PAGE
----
Dubai, UAE. Dubai, UAE.

Respondents on the 10th annual Hotelier Middle East 2018 Salary Survey revealed concerns on the balance between rising living costs in the GCC and the newly-implemented value added tax (VAT) in the UAE and Saudi Arabia.

While two of Middle East’s biggest economies brought the value-added tax or VAT into effect on January 1, 2018, other GCC countries like Oman and Kuwait opted to delay the implementation.

The VAT adds a 5% tax on end consumer products but salaries remain unaffected by the new levy. 

The 5% levy, still lower than the global average of 15%, is very new to the region. On the survey, when asked if VAT will affect salary and standard of living, there seemed to be a consensus on the fact that with 5% increase in consumer costs but lack of salary upgrades, there would be notable changes and that VAT implementation is sure to affect the lifestyle standards. One respondent said: “Absolutely will. When no changes are being made to my current pay, but the cost of living increases, it is time to make sacrifices.”

Another respondent agreed with the sentiment and noted: “VAT will definitely have a negative impact on inflation. If basic salary is not adjusted annually as per inflation, it will negatively impact purchasing power and reduce Dubai’s attractiveness for an expat.” When asked about how VAT is affecting hoteliers, Fairmont Dubai recruitment manager Mary Redman told Hotelier Middle East that her colleagues are being pre-emptively cautious in the wake of VAT.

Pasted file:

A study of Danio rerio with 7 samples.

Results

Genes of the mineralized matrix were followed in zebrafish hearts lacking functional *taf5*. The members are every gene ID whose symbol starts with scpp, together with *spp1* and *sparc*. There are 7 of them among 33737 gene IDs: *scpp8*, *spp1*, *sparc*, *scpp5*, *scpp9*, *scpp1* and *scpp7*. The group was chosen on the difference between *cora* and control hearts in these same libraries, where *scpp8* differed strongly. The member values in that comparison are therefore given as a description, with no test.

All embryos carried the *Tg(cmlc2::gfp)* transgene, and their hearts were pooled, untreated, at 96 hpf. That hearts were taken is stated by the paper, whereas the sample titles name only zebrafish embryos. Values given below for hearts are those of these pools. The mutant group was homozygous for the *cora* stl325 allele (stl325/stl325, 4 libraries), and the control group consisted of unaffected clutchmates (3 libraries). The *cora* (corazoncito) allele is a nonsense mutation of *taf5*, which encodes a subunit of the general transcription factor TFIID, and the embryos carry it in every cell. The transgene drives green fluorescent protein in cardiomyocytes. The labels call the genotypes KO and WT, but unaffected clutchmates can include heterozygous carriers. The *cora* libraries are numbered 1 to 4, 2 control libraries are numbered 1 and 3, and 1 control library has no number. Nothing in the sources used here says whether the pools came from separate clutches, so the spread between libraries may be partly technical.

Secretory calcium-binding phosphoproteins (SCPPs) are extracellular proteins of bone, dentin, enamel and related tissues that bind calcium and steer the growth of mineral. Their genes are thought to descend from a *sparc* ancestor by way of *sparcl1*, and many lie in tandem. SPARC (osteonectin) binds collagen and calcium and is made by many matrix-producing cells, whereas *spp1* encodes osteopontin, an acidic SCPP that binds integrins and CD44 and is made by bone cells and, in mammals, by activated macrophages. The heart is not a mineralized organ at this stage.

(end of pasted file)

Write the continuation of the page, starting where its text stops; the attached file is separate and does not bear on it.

“Our colleagues are definitely more cautious and mindful of spending on their personal goods now, hence I believe that not to affect their standard of living,” Redman says.

However economists have rebutted that VAT will have long-term benefits not only for the country but will also eventually boost hiring. Harish Bhatia, a management consultant at Korn Ferry Hay Group told The National during an interview that the lack of prior experience with regards to tax in the region has been the root cause for overwhelming confusion and anxiety over its impending long-term effects on the industry.

“We’re all making a big deal over VAT because it’s a new tax and we’ve never played with the word tax in this part of the world, but it was inevitable so the government has other sources of revenue,” Bhatia said. According to Dubai government authorities, the first year of VAT is expected to draw US$3.26 billion while in the second year, the net amount is expected to rise to US $5.4 billion and ultimately boost hiring in the region.